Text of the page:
Communication Strategies for Family and Friends
When a loved one has a hearing loss, communication can be difficult and frustrating for all involved. The following strategies can help to improve the ability to communicate more effectively. The number one thing to remember for both sides is to be patient with one another. Try not to lose your temper or let your frustration show.
1. Maintain eye contact
It is always easier for those with (and without) hearing loss to be able to see the person that they are talking to. There are visual cues that can help to fill in the gaps in a conversation. Be sure to maintain eye contact and keep hands and objects away from the face.
2. Get their attention
Getting someone's attention before beginning to speak will allow them to know to pay attention. If you start speaking before getting their attention, often times the beginning of the conversation is missed altogether and they never really “catch up”.
3. State the topic
State the topic of the upcoming conversation before proceeding with any details. This is very helpful when switching topics within a conversation.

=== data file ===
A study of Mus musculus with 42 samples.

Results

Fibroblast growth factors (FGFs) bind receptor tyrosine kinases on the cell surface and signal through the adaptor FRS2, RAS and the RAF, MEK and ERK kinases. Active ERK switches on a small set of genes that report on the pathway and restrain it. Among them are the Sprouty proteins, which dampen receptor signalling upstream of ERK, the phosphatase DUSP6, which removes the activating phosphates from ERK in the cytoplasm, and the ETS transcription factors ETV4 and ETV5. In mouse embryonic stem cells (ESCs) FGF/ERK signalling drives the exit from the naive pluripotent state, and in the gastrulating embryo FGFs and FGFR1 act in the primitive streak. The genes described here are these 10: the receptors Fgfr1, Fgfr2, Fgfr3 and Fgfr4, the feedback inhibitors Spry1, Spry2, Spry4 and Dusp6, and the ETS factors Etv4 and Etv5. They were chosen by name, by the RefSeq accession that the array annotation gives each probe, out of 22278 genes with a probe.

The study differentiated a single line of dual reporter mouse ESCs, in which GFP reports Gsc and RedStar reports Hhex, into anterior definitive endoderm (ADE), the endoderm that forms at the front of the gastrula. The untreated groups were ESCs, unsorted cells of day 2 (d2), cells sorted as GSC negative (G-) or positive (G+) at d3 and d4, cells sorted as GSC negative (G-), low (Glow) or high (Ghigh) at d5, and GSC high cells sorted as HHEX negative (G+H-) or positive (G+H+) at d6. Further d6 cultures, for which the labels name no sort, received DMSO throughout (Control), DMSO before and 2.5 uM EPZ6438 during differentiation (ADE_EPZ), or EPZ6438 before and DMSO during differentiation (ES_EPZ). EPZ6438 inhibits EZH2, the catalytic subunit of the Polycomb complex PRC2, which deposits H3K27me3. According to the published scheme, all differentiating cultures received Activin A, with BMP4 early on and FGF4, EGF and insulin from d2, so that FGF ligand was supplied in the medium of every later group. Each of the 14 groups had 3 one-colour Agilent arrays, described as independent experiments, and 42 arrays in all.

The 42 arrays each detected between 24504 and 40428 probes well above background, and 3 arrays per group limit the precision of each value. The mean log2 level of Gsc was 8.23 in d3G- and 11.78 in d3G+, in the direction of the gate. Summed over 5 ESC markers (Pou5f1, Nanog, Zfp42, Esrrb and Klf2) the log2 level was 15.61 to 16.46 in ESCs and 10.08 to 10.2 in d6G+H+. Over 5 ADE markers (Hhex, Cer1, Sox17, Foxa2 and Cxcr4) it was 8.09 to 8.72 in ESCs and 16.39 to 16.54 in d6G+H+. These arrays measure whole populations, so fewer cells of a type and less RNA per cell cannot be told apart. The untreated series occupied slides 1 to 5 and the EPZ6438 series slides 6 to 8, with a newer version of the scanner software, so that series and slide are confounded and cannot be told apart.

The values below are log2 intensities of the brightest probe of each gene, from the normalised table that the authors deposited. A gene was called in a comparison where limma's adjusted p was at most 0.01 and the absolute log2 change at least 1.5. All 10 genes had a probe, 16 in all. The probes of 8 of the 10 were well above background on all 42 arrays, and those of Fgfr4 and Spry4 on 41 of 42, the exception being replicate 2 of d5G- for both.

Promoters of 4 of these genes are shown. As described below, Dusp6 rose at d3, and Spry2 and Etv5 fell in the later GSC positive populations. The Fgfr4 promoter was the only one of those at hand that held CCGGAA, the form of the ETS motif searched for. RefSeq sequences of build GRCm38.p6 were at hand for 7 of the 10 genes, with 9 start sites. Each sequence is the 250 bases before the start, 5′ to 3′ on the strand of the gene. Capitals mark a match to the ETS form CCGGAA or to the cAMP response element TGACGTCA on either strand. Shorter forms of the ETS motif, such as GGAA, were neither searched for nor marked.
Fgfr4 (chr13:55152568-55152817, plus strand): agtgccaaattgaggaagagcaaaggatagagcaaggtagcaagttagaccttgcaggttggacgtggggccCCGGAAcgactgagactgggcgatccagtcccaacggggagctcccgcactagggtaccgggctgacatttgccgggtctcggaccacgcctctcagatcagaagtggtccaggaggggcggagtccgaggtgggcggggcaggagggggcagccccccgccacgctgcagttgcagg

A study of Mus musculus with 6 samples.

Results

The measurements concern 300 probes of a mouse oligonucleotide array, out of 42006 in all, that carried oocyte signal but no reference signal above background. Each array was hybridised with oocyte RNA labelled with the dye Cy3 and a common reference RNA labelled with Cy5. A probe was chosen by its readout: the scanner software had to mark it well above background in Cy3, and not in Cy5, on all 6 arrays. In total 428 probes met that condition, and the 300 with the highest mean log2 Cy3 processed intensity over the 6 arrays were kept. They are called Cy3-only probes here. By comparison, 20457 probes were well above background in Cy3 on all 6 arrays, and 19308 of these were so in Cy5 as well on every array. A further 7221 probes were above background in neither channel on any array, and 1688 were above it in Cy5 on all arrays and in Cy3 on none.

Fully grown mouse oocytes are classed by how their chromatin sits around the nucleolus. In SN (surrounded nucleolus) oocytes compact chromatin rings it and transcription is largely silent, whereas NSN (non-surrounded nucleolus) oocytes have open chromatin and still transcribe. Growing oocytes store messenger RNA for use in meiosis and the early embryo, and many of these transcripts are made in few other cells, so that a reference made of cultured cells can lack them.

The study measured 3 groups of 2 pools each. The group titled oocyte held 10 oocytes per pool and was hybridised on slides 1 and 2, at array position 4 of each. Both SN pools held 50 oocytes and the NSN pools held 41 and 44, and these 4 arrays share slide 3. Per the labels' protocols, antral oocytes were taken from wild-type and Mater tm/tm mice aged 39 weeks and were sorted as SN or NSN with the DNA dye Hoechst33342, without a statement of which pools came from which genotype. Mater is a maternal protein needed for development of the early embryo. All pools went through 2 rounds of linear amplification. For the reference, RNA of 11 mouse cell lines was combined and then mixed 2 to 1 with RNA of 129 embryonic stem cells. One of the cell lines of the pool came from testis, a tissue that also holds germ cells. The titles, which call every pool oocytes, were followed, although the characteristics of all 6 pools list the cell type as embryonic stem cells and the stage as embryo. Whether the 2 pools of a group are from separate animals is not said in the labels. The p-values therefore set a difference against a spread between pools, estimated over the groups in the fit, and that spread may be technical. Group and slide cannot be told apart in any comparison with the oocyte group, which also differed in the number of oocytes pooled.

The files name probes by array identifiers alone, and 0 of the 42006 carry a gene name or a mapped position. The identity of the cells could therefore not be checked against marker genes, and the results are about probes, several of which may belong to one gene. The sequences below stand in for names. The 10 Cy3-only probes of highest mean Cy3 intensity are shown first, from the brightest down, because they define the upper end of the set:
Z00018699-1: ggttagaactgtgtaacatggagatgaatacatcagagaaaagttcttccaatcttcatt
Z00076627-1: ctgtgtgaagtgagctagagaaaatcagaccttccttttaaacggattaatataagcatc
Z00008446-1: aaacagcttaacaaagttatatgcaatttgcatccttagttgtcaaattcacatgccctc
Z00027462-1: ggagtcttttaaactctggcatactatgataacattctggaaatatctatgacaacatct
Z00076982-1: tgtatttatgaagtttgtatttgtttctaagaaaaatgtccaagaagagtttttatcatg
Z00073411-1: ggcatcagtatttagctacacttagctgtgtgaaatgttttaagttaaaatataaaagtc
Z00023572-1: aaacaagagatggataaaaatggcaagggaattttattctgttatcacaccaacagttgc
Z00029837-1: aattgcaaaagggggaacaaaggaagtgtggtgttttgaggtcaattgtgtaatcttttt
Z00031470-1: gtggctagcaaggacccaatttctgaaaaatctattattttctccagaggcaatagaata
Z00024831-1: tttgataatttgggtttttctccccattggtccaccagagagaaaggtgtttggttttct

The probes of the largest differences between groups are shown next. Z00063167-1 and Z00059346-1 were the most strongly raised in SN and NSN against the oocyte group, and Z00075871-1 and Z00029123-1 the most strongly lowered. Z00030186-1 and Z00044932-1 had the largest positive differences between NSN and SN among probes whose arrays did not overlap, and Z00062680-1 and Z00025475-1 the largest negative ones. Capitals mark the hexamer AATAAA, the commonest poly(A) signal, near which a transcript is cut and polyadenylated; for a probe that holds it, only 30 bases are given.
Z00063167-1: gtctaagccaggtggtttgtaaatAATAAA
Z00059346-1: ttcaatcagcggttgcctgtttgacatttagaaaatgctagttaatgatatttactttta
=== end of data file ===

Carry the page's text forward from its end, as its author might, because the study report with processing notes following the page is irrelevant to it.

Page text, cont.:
4. Speak slowly and clearly
Speak slowly and clearly without yelling. Raising your voice too much can do more harm than good when it comes to understanding speech. Speaking in a slow and clear manner will make it much easier to keep up.
5. Be mindful of your setting
It is easier to hear and follow conversation when there is no background noise present. Try to reduce any interfering sounds so that the conversation is more easily heard and understood.
6. Ask the right questions
Ask questions that require more than a yes or no answer to be sure that the listener is following. Ask questions early on so that you are sure from the beginning that they are following along.
7. Rephrase when they don't hear you
If repeating is necessary, rephrase the sentence or question. This will allow the listener to catch different words and be able to piece things together. Also, when the listener asks for something to be repeated, it is helpful to let the other person know what you heard the first time so that everyone is on the same page.